When you think of ways to stay up to date with current events, what springs to mind is probably newspapers, radio, and the six o'clock news. But when I think of my news source, I think of social media. Apps like TikTok, Twitter, and Instagram jump out at me immediately as places where I can find out what's happening worldwide. My generation is much more likely to come across an article when scrolling on social media than we are to purposely sit down and watch the news.


Traditional news can often be tedious and filled with less exciting content you must sit through to get to the big headlines. And who wants to watch an hour of doom and gloom when a new season of your favourite show has just dropped? Trust me when I say no one my age will sit down and read a newspaper when we can scroll through something on our phones. If we see an exciting headline, we might click on a link and skim-read an article, but most of us will get our news from friends sending us something or coming across something on our preferred social media platform's feed.


Now, you might worry that because our information is coming from an alternative news source that it can't possibly be true. While yes, the number one rule of the internet is don't believe everything you see; this doesn't mean everything is automatically a lie. Instagram accounts, such as The Happy Broadcast and Shit You Should Care About, are dedicated to sharing news. The Happy Broadcast only shares fact-checked anxiety-free information, which is always a nice change in today's world. And SYSCA shares reputable stories and funny, topical things they have seen (think the project for those in NZ). However, it's not just Instagram that has these alternative news sources. Many people like to watch TikTok videos or podcasts; some sign up for online newsletters from their favourite accounts, and Facebook lovers have their news sources.


The war in Ukraine has also boosted social media as a news source. Many citizens post first-hand accounts about what is happening, whether talking in a video or just sharing footage of the horrors around them. This footage is usually extremely recent and gives viewers an idea of the average person's experience. Sometimes these videos get picked up by traditional news sources as well, but by then, the footage is less recent and therefore less relevant. These videos also have tremendous numbers regarding viewership, with viral videos gaining over 15 million views, rivalling some traditional news sources.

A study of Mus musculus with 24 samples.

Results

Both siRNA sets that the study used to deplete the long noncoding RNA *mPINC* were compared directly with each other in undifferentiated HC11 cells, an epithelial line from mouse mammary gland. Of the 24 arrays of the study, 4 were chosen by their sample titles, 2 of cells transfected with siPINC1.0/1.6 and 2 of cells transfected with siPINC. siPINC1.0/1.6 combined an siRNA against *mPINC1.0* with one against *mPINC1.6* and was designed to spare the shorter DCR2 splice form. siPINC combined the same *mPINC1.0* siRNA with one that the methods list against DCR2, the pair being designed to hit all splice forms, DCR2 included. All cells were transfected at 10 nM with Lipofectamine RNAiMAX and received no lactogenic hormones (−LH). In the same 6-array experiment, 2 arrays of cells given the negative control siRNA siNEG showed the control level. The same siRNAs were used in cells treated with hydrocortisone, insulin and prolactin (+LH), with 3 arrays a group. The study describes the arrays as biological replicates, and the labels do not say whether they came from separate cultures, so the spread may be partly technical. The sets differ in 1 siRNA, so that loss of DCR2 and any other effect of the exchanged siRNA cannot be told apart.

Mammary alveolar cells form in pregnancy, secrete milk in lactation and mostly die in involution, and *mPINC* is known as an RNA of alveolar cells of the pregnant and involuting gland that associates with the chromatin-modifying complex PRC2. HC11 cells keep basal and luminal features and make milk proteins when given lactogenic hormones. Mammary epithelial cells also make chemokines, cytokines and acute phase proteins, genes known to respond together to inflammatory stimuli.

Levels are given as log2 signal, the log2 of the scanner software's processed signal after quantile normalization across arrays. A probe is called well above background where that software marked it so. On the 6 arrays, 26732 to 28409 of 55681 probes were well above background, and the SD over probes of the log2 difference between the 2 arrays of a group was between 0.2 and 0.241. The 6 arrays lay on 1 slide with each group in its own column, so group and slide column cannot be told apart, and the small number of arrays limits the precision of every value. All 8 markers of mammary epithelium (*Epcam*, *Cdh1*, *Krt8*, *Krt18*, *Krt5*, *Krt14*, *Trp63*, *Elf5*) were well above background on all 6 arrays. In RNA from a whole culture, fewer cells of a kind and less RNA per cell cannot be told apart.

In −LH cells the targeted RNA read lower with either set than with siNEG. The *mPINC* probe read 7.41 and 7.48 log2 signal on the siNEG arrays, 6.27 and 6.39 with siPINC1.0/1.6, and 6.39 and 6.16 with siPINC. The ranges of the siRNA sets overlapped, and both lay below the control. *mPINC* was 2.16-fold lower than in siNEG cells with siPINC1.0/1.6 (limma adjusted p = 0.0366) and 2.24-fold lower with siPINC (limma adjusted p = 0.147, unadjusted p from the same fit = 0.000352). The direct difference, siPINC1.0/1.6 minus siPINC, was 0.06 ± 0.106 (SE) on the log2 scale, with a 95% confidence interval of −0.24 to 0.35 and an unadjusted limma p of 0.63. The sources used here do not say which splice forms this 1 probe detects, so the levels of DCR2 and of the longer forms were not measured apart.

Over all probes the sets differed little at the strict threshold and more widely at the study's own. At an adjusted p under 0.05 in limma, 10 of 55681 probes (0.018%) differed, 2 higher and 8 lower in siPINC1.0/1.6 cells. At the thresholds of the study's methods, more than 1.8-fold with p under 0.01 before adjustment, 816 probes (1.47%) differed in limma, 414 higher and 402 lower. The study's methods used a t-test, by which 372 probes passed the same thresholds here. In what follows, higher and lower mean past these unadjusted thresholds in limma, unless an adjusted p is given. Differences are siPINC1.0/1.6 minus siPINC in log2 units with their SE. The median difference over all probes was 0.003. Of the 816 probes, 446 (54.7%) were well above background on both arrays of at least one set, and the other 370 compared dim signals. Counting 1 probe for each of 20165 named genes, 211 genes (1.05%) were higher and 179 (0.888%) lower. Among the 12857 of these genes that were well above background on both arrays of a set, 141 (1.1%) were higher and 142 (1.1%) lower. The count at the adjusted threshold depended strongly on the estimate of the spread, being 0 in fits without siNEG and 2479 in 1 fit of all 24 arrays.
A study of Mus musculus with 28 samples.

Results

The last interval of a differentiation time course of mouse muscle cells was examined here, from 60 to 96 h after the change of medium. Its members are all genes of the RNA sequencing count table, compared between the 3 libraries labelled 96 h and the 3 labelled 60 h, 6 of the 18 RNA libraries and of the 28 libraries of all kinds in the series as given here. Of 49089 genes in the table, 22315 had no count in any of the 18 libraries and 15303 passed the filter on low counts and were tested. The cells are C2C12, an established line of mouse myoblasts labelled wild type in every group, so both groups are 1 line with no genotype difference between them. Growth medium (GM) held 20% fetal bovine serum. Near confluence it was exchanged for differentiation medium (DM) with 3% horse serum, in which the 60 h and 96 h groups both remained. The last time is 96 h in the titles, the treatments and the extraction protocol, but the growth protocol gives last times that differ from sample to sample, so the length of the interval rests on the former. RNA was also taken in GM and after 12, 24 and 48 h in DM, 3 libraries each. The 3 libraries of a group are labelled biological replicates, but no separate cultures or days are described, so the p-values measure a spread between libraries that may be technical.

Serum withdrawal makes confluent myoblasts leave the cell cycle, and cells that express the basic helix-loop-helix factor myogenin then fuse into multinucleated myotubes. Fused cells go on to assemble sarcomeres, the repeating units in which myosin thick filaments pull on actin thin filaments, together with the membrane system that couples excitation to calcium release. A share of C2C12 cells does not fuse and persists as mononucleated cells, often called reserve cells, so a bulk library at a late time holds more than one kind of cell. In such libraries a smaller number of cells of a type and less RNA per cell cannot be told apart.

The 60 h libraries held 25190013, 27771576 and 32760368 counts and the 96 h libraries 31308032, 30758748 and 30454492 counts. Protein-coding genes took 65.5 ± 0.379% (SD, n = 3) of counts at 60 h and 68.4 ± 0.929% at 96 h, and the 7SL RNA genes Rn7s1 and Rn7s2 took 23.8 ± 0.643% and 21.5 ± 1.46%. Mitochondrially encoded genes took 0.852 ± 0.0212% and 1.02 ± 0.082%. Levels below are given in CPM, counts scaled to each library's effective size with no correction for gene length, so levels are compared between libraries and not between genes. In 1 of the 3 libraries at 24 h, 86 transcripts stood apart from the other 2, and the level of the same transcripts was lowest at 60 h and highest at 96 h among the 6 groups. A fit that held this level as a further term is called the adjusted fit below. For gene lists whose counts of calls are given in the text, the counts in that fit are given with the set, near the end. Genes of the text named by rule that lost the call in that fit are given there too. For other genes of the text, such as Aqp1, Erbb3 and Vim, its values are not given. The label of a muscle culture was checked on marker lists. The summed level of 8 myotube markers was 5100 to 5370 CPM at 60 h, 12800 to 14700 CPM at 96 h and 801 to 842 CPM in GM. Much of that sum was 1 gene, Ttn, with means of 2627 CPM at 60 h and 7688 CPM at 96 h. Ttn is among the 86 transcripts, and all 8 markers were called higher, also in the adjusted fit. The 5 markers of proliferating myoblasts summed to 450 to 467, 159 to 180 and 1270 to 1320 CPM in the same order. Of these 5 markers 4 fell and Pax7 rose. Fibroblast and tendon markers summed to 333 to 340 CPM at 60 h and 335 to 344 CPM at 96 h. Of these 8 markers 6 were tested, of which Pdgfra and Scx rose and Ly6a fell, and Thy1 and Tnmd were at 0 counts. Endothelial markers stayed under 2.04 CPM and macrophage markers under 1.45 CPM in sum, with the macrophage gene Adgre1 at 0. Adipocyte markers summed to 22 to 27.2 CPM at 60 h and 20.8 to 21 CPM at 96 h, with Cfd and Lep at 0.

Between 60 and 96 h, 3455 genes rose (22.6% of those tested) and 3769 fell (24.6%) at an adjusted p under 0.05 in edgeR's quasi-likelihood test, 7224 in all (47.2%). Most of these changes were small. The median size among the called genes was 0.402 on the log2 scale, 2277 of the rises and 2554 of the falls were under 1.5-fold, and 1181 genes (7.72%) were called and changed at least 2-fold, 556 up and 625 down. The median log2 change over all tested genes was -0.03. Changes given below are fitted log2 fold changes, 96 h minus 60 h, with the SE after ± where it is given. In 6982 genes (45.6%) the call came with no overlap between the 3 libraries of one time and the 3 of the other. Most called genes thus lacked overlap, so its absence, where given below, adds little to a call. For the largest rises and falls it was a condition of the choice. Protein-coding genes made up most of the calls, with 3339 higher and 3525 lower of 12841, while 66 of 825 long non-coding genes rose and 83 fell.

Traditional news sources have seen the power of social media and have started producing their content. Companies like the Washington Post, BBC News, and The Guardian Australia have TikTok accounts. Social Media is a great way to deliver short news segments in an approachable manner, and news services are beginning to take advantage of this. Some news companies even create content specifically for social media that doesn't get shown on other platforms. During the recent Australian elections, The Guardian had a TikTok account with daily updates on what was happening and explaining the voting process. This is great, considering TikTok's younger demographic would make up most of the first-time voters.


While social media is an excellent alternative to traditional news, it is essential to watch out for misinformation. When someone posts something, be critical. If it's something that sounds strange and you've never heard before, that's probably because it isn't true. A massive amount of misinformation was spread through social media about covid 19, and people looking for ways to protect themselves and their families were fed blatant lies. This misinformation mainly influenced older generations, and many were led to believe dangerous conspiracy theories. My age has been told repeatedly not to believe everything on the internet. As digital natives, many of us are aware of misinformation. However, for older generations who aren't as used to social media, the mix of real news and misinformation can be hard to navigate.


Social media can be a great place to find out what is happening worldwide, and my generation tends to prefer it to traditional news sources. While it has its pros and cons, so does everything.


About the Author, Charlotte:

I am a 16yo student from Christchurch, New Zealand and my pronouns are they/she. I am a creative, outgoing person and am always up for a challenge.

I believe that everyone should know how to use social media confidently and safely in our increasingly digital world. I am proud to be a member of the Safe on Social Youth Advisory Committee.